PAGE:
Review Summary: Onwards.
What is there to say about Slaves
at this point that hasn't been said? Starting out as ex-Dance Gavin Dance singer Jonny Craig's pity party, it eventually evolved into a far more competent band than DGD themselves ever were (sorry, folks), if only because Craig was surprisingly superb at finding various backing bands to put up with him every few album cycles and had a very impressive soul-tinged voice to compliment the music (he was basically Tyler Carter without the suck). But with every Jonny Craig success, there's always heroin there to screw it up for him, and Slaves' backing musicians eventually got tired of his stubborn refusal to get clean and booted him out like Dance Gavin Dance did so long ago, recruiting Matt McAndrew, more or less the only good semi-mainstream talent to come out of The Voice
bar Christina Grimmie, to take over. Certainly, they've seen better days, and that's what fuels their aptly-named fourth effort To Better Days
To Better Days
owes far more to pop than it does to post-hardcore, likely to capitalize on the success of Bring Me The Horizon's latest works (something nearly EVERY scenecore artist is doing at this point). Synths and programmed drum beats are brimming throughout the album, but unlike many of their genre peers such as The Word Alive and even BMTH themselves, they manage to consistently make it work throughout the entire album. Matt McAndrew's vocals are most definitely the highlight here; he has everything that made Craig so successful but amplified to greater levels and with flaws far less apparent. The backing band are at the top of their game as well—guitarists Weston Richmond and Felipe Sanchez as well as bassist Colin Vieira compliment McAndrew with some of the strongest riffs this band has brought to the table despite the genericity, while drummer Zachary Baker provides a fine backbone to the rhythm section. What truly powers To Better Days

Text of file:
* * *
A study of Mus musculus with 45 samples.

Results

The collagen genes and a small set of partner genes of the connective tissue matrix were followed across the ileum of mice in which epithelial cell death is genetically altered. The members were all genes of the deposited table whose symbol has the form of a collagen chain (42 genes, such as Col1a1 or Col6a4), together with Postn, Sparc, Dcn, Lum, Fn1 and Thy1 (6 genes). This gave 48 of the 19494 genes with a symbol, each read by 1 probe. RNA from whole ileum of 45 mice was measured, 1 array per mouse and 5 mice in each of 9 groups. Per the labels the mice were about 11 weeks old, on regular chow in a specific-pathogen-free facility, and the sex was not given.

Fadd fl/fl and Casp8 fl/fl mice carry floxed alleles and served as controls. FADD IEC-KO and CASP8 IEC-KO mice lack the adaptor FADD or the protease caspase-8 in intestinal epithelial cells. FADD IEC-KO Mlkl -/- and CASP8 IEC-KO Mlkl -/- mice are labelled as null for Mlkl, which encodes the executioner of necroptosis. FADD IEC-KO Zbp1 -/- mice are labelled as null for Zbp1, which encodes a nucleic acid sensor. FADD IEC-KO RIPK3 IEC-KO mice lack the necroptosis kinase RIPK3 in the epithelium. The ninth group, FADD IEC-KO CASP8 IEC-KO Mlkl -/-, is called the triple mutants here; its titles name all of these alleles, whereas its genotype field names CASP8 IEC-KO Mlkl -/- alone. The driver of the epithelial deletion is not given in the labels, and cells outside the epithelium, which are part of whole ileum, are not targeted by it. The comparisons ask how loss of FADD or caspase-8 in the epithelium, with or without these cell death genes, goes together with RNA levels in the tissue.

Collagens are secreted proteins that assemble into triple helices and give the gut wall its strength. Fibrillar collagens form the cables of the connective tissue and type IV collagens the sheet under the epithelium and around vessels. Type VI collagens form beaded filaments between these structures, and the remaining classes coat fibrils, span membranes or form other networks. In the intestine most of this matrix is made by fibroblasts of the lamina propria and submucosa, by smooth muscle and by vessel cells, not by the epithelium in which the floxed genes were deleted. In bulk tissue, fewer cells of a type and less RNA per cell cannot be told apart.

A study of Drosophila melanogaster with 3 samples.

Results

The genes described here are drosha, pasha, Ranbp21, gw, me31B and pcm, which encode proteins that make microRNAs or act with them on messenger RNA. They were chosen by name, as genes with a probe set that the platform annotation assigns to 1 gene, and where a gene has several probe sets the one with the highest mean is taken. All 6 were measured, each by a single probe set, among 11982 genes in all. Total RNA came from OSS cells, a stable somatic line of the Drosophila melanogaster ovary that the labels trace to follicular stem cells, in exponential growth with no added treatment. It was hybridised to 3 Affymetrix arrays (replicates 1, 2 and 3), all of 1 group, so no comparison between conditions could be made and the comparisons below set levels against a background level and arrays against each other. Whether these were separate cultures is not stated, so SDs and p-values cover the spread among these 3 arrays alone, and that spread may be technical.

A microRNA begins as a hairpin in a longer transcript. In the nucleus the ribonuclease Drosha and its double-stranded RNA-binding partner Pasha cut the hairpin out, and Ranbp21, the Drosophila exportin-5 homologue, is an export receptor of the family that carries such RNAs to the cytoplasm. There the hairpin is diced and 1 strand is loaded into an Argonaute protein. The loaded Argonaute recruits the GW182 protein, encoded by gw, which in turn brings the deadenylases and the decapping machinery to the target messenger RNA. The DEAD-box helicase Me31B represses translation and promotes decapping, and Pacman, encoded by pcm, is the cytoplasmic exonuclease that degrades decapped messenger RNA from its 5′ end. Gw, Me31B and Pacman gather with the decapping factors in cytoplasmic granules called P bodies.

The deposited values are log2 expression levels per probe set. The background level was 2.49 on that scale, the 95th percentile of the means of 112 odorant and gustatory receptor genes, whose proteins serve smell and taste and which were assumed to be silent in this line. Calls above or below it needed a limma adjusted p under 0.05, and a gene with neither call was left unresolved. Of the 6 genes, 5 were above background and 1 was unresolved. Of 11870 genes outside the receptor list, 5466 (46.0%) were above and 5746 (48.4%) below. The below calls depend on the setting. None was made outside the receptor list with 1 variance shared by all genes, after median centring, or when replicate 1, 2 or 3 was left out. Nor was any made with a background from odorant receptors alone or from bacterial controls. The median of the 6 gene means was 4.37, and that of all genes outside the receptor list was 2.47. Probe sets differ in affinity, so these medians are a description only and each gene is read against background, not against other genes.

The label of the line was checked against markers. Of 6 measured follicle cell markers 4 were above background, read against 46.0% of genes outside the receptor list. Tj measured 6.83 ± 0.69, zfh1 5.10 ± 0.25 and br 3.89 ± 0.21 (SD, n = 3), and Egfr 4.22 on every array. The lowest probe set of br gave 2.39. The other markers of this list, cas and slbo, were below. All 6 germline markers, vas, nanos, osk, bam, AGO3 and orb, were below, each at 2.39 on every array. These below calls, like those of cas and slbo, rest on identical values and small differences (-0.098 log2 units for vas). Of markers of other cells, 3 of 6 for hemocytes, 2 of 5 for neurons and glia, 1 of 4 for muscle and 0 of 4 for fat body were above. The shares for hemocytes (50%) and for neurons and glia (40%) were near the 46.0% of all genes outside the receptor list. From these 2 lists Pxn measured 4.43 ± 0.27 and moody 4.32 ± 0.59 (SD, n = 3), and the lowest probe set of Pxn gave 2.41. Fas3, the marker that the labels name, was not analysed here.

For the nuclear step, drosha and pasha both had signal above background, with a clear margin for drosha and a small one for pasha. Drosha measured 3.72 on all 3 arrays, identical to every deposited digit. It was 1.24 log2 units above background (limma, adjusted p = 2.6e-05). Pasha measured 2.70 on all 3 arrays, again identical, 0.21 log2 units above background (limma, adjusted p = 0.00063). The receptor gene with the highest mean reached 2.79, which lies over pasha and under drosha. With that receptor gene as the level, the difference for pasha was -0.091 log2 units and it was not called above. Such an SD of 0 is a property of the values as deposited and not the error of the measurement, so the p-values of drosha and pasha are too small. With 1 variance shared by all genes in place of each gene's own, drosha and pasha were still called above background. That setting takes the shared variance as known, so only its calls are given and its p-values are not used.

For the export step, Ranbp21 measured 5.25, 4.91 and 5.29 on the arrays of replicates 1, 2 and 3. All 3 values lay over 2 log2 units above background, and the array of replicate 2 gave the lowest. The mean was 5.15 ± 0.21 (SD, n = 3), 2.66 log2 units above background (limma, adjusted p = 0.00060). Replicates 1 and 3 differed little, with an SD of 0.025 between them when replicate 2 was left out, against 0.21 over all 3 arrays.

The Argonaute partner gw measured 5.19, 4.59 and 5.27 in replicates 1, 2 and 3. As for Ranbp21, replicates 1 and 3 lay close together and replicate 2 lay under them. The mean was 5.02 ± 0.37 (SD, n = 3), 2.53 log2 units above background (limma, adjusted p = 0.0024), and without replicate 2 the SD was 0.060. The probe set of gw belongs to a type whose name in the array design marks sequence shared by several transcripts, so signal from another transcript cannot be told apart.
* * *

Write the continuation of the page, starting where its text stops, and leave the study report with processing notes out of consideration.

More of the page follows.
is both McAndrew's vocals and the deeper shift into pop—rather than going utterly bats**t insane and forgoing any attempt at substance for style like Telle Smith and Jared Leto did, Slaves are content to mix their comfort zone in with the deeper pop territory, and it surprisingly makes the album a refresher.
What the band needs to improve on right now are their lyrics. Sometimes they're flashes of greatness (primarily in the verses), and other times they fall right on their face. For every "Witch Hunt" ("I was hoping we could let the dust settle / Till you started looking for a mark from the devil") and "Heavier" ("I take the blame / I wanna change / But I can't settle the score / Now I'm a slave to better days / And I'm not willing anymore") there's a "Like I Do" ("No one ***s with me like I do / No one ***s with me like I do / And after everything I've been through / No one ***s with me like I do"—did they buy this chorus from Ivan Moody?) ready to kill your confidence in the band's writing ability. The prowess is there, but it needs to be drawn out a bit more. The other weak spot is unsurprisingly the mixing; nearly every mixing problem of the past several years is present in To Better Days
—brickwalling, suffocation of dynamics, and it's ilk. But at the bottom line, To Better Days
is a renaissance for the band. With Craig out of the band and their visible willingness to improve and try other things, they're well on their way to better days.